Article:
February 21, 2018
Have you ever noticed that when they are startled by a loud noise, newborns tend to extend their arms and legs? This completely natural defensive reaction, called the Moro reflex, disappears around the time baby turns 3 months old. This is one of the many things your pediatrician will evaluate to assess your baby’s neurological development during your little one’s checkups.
Newborns display reflexes that are essential to adapt to their environment outside the womb. Experts have determined that there are around 27 primitive reflexes, but here is a description of the main ones, which usually disappear when baby is 4 to 6 months old.
- Suck reflex: This primitive instinct is stimulated when the roof of baby’s mouth is touched, sending a signal to suckle, usually the mother’s breast. Instinct is usually quick to kick in as babies will associate this reflex with warm milk!
- Swim reflex: The swim reflex is fascinating; babies instinctively hold their breath and control their movements when placed in water. However, this reflex disappears very quickly so extreme vigilance is a must around pools!
- Walking reflex: It’s always impressive to witness this reflex. If you hold your infant in an upright position barefoot on a table or on the ground, baby doesn’t waste time trying to take a first step! This display always leaves proud parents convinced their child will be an early walker!
- Babinski’s reflex: This reflex is probably the most adorable of the bunch: if you gently stroke the sole of your baby’s foot, his or her little toes will spread, just like this!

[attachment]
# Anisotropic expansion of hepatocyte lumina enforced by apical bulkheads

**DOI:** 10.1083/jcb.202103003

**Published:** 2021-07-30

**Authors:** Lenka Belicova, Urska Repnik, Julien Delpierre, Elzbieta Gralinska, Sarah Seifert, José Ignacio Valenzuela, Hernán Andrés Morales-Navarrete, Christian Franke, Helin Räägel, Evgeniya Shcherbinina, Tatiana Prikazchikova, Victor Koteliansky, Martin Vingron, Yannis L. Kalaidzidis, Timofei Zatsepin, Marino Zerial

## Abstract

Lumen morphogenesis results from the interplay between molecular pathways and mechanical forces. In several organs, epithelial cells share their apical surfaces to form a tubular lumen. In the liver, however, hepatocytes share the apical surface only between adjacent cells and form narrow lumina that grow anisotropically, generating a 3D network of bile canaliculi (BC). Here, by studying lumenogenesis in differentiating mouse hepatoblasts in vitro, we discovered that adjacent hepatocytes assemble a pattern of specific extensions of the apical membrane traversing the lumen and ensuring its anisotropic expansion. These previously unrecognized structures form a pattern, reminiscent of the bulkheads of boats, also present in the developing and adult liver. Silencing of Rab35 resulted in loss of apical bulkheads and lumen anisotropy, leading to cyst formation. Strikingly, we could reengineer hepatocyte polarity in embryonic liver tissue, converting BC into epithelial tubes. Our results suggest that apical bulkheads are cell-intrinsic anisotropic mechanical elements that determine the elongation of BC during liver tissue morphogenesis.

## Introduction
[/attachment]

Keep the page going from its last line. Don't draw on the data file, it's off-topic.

- Darwin’s reflex: This is known as the grasp reflex. Whenever something tickles the inside of their hands, babies instinctively close their fingers around it. It’s actually the same technique baby monkeys use to hang on to their mothers!
- Tonic neck reflex: This is the fencing position babies take when they are laid on their back. You’ll notice that they extend their arm and leg on one side, while on the other side their little arm and leg are slightly bent.
- Root reflex: You can see this reflex for up to 9 months. Basically, when their cheek is stroked gently, babies will instinctively turn their heads toward the touch and open their mouths. It’s certainly a very useful instinct when the newborn is placed on mommy’s belly for the first time: baby instinctively knows where the next meal is!
Why are these newborn reflexes important?
So why do babies have all these reflexes only to lose them a few months after they are born? Simply to give the brain sufficient time to develop enough to be able to do all this voluntarily.
These primitive reflexes are different from adaptive reflexes such as blinking, yawning (felt like yawning when you read this?) or dilating our pupils when it gets dark, which we keep for life. Impressive, isn’t it?
Source: Psychologie du développement humain, Diane E. Papalia, Ruth D. Feldman, Chenelière Éducation, 2014.